Pharrell Williams granted the entire graduating class of Harlem Children's Zone Promise Academy a guaranteed internship.

Posted on July 2, 2019, at 9:53 a.m. ET

The combined graduating class of Harlem Children’s Zone Promise Academies 1 and II got more than just a degree and an inspirational speech from its commencement speaker this year, Pharrell Williams.

All 114 graduating students of the two charter high schools, all of whom have received offers to attend colleges and universities, are guaranteed an internship in Williams' network, the singer announced during his speech.

“So let me be clear ... every member of the 2019 graduating class is guaranteed an internship waiting for them — you — next summer,” Williams told the grads.

The Promise Academy’s administration partnered with the producer to create an internship program that would give these students the connections necessary to succeed within their respective fields, according to CEO Anne Williams-Isom.

Williams-Isom told BuzzFeed News that many of her students "don’t have those connections to people … that can open doors for them."

“So when we have somebody who is willing to say something as important as ‘I will guarantee you a high-quality internship once you finish your freshman year of college,’ we thought that that was very valuable, and we’re very excited about it,” she said.

Another goal of this program is to “end generational poverty,” according to Williams-Isom.

“In order for us to get our community, these children, and these families out of poverty, we want to make sure that they are connected to a livable wage, and we know that for so many of our young people, the way that they’re going to be able to do that is with that college degree in their hands, but also with some experience from very good internships that they will be able to do while they’re in college," she said.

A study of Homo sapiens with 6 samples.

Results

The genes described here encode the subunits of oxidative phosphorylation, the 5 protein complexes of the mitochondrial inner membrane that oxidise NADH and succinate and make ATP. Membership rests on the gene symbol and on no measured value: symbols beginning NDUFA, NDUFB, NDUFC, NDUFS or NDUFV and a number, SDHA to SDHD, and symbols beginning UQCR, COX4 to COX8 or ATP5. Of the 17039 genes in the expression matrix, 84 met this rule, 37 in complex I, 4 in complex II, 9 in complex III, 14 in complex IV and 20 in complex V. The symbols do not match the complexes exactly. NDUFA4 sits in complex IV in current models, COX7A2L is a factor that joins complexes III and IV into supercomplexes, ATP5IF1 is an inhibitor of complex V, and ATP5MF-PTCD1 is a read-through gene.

Marty Lipp / Via Harlem's Children’s Zone Promise Academy

Jada Warmington, the class valedictorian of Promise Academy 1, who graduated with a GPA of 96.48, said she was a “bit shocked” when the singer announced the news.

“When he guaranteed my entire class with an internship, I knew that this a stepping-stone into something great,” said Warmington. “I just knew that next summer was gonna be the summer for me, because I was a little bit worried about going into college and not knowing what’s next, like how am I gonna prepare for internships for the fall and summer, especially the really competitive ones.”

Another graduate, John Jackson II, who plans on creating computer engineering/coding centers for disadvantaged kids, hopes that this opportunity can “help me with my goals and lead to a variety of connections in the business world.”

“I hope this internship can educate me from a business standpoint and teach me the ins and outs of the administration world and show me how to manage things that you can't learn in a classroom,” Jackson told BuzzFeed News.

Along with an internship opportunity, Williams had some inspiring words to share about encouraging the kids to participate in a “new Harlem Renaissance.”

“The world is watching Harlem, but this Renaissance will be different. And believe it or not, with respect, it’s gonna actually be better. And the reason why is because the new Harlem Renaissance has education at its core," he said.

This isn’t the only philanthropic project that Williams has in store. Back in April, Verizon announced a partnership with the artist to increase access to technology in undersourced schools under the Verizon Foundation.

All across Verizon’s Innovative Learning schools, these institutions will be receiving a “tech-infused music curriculum” that will center on “cutting-edge technology such as augmented reality, virtual reality, robotics and machine learning,” according to Billboard.

With this move, WIlliams is following in the footsteps of black billionaire Robert F. Smith, the investor who erased the college debt of Morehouse College’s class of 2019 earlier this year.